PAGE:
U.S. Military Casualties in Iraq Fall to Lowest Since July, '06; Iraqi Civilian Deaths Drop By More Than 50 Percent
BAGHDAD – The number of Iraqi civilian deaths last month fell by more than 50 percent, while 64 American forces died, the lowest monthly toll since July 2006, according to figures compiled by the U.S. military, the Iraqi government and The Associated Press.
The sharp decline in death tolls signaled a U.S. success, if only temporary, in bringing down violence in Baghdad and surrounding regions since Washington completed its infusion of 30,000 more troops on June 15.
The figures for Iraqi civilian deaths were dramatic, falling from 1,975 in August to 922 last month, a decline of 53.3 percent. The breakdown in September was 844 civilians and 78 police and Iraqi soldiers, according to Iraq's ministries of Health, Interior and Defense.
In August, AP figures showed 1,809 civilians and 155 police and Iraqi soldiers were killed in sectarian violence.
The civilian death toll has not been so low since June 2006, when 847 Iraqis died.
"There is no silver bullet or one thing that equates as a reason to the drop in Iraqi and Coalition casualties and deaths," said Col. Steven Boylan, spokesman for U.S. commander Gen. David Petraeus.
But he credited increased U.S. troop strength, saying that has allowed American forces to step up operations against Al Qaeda in Iraq.
Over the weekend, U.S. and Iraqi forces killed more than 60 insurgent and militia fighters in intense battles, with most of the casualties believed to have been al-Qaida fighters, officials said.
U.S. aircraft killed more than 20 Al Qaeda in Iraq fighters who opened fire on an American air patrol northwest of Baghdad, the U.S. command said Sunday.
The firefight between U.S. aircraft and the insurgent fighters occurred Saturday about 17 miles northwest of the capital, the military said.
The aircraft observed about 25 Al Qaeda insurgents carrying AK-47 assault rifles — one brandishing a rocket-propelled grenade — walking into a palm grove, the military said.
"Shortly after spotting the men, the aircraft were fired upon by the insurgent fighters," it said.
The military did not say what kind of aircraft were involved, but the fact that the fighters opened fire suggests they were low-flying Apache helicopters. The command said more than 20 of the group were killed and four vehicles were destroyed. No Iraqi civilians or U.S. soldiers were hurt.
Iraq's Defense Ministry said in an e-mail Sunday that Iraqi soldiers had killed 44 "terrorists" over the past 24 hours. The operations were centered in Salahuddin and Diyala provinces and around the city of Kirkuk, where the ministry said its soldiers had killed 40 and arrested eight. It said 52 fighters were arrested altogether.
The ministry did not further identify those killed, but use of the word "terrorists" normally indicates Al Qaeda.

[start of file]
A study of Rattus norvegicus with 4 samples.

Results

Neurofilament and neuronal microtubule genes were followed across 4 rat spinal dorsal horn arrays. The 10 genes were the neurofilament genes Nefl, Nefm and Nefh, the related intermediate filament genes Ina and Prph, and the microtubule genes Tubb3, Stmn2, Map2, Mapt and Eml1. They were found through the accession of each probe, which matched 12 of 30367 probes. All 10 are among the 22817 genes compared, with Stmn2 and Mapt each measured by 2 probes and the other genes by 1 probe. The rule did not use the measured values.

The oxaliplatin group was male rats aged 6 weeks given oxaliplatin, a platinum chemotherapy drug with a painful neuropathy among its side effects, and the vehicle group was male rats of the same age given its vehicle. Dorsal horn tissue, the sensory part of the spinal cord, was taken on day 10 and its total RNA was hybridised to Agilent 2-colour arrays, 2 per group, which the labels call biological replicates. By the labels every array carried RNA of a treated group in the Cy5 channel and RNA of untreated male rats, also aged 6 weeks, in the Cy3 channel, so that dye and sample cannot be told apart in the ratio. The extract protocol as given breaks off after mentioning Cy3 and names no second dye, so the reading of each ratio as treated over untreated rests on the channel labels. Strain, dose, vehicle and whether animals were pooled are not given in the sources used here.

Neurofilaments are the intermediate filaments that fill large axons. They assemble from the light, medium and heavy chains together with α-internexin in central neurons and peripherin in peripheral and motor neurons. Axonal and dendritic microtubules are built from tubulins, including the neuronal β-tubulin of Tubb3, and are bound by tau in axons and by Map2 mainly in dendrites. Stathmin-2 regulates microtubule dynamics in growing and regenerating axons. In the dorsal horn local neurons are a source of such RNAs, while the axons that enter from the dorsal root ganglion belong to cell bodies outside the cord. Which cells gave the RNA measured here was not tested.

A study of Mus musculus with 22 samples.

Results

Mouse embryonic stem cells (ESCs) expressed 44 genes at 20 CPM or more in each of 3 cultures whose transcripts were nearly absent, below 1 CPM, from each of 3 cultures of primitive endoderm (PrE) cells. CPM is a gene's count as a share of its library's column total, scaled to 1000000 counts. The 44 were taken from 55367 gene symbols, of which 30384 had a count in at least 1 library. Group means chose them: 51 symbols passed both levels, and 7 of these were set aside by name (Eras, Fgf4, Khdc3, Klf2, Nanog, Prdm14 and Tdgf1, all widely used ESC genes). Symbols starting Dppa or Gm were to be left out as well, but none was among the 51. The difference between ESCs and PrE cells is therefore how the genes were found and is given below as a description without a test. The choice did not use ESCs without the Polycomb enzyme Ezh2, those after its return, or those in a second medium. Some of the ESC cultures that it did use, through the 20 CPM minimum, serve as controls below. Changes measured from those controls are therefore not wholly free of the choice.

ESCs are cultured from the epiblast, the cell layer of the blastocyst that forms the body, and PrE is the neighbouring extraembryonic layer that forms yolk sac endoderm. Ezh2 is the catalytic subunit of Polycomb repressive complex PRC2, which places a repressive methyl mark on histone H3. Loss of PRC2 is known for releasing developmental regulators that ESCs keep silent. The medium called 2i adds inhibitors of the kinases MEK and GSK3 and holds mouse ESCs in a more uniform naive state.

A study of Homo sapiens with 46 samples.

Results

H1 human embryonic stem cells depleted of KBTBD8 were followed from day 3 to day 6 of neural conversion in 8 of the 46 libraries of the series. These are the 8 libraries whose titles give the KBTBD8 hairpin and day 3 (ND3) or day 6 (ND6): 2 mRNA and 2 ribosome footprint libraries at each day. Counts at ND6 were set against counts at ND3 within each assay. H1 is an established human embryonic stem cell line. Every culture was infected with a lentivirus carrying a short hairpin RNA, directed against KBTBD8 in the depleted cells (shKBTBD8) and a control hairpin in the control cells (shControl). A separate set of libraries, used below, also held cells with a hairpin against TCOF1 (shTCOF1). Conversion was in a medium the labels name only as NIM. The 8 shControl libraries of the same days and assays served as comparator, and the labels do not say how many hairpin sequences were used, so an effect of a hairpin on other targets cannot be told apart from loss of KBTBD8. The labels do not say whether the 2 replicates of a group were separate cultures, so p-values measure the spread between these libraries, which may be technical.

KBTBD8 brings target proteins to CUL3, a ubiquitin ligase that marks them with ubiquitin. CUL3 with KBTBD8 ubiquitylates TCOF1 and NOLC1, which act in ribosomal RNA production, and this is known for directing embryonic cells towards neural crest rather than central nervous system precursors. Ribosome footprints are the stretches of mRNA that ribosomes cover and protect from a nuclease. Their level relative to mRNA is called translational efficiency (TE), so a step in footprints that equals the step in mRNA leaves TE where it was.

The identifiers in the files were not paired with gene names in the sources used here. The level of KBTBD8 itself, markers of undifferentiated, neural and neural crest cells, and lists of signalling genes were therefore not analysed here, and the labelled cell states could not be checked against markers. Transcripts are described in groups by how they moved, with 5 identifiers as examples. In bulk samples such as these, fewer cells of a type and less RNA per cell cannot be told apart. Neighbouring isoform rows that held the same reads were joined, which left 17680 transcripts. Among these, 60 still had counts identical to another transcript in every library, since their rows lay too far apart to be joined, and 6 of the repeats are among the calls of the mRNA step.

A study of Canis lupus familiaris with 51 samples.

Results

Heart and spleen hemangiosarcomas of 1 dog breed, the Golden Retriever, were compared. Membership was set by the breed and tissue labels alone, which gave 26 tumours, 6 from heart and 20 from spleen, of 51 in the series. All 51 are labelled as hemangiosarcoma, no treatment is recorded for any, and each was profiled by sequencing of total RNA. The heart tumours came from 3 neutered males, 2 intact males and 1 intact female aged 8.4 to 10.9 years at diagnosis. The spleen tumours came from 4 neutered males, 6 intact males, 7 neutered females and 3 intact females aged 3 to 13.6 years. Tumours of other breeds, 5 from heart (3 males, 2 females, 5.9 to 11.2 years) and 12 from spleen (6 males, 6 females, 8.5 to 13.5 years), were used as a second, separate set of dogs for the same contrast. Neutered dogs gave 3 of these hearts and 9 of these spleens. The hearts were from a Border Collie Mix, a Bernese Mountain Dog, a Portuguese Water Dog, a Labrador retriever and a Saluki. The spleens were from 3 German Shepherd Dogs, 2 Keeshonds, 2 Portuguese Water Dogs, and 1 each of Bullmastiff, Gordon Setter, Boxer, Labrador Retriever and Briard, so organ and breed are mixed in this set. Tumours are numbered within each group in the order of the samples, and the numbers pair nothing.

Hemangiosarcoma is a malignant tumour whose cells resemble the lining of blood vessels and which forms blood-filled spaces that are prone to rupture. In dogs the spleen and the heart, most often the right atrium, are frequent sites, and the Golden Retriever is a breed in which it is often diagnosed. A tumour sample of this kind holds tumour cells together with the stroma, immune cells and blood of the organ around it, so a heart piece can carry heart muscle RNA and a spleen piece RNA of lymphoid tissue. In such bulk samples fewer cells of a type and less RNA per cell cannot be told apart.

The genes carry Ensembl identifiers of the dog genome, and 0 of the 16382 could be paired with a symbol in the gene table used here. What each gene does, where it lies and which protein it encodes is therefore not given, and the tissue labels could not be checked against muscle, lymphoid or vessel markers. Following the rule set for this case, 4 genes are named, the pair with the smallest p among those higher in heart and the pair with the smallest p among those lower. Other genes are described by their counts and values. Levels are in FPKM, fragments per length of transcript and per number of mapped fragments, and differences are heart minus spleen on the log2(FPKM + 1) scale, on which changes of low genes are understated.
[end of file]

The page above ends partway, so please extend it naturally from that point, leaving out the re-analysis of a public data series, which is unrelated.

In a separate operation, U.S. forces killed two insurgents and detained 21 others during weekend operations against Al Qaeda.
Intelligence led to a raid early Sunday that netted what the U.S. military called 15 rogue members of the Mahdi Army militia at an undisclosed Baghdad location.
The mainstream of the militia, the armed wing of anti-American cleric Muqtada al-Sadr's organization, has been ordered by the religious leader to stop attacks on U.S. and Iraqi forces.
But many one-time members of the group have split off and are acting independently of al-Sadr's control. Some have gone to Iran for training and are receiving weapons and financing from the Islamic regime in Tehran.
The U.S. Embassy, meanwhile, joined a broad swath of Iraqi politicians — both Shiite and Sunni — in criticizing a nonbinding U.S. Senate resolution seen here as a recipe for splitting the country along sectarian and ethnic lines.
The Senate resolution, adopted last week, proposed reshaping Iraq according to three sectarian or ethnic territories. It calls for a limited central government with the bulk of power going to the country's Shiite, Sunni or Kurdish regions, envisioning a power-sharing agreement similar to the one that ended the 1990s war in Bosnia. Sen. Joseph Biden, D-Del., was a prime sponsor.
In a highly unusual statement, the U.S. Embassy said resolution would seriously hamper Iraq's future stability.
"Our goal in Iraq remains the same: a united, democratic, federal Iraq that can govern, defend, and sustain itself," the unsigned statement said.
"Iraq's leaders must and will take the lead in determining how to achieve these national aspirations. ... attempts to partition or divide Iraq by intimidation, force or other means into three separate states would produce extraordinary suffering and bloodshed," it said.
The statement came just hours after representatives of Iraq's major political parties denounced the Senate proposal.
The Kurds in three northern Iraqi provinces are running a virtually independent country within Iraq while nominally maintaining relations with Baghdad. They support a formal division, but both Sunni and Shiite Muslims have denounced the proposal.
At a news conference earlier in the day, at least nine Iraqi political parties and party blocs — both Shiite and Sunni — said the Senate resolution would diminish Iraq's sovereignty and said they would try to pass a law to ban any division of the country.
"This proposal was based on the incorrect reading and unrealistic estimations of Iraq's past, present and future," according to a statement read at a news conference by Izzat al-Shahbandar, a representative of the secular Iraqi National List.
On Monday, the leader of the country's largest Sunni Arab political group, Adnan al-Dulaimi, joined his colleagues in denouncing the plan. Al-Dulaimi assured citizens his party "would fight for the sake of Iraq's unity."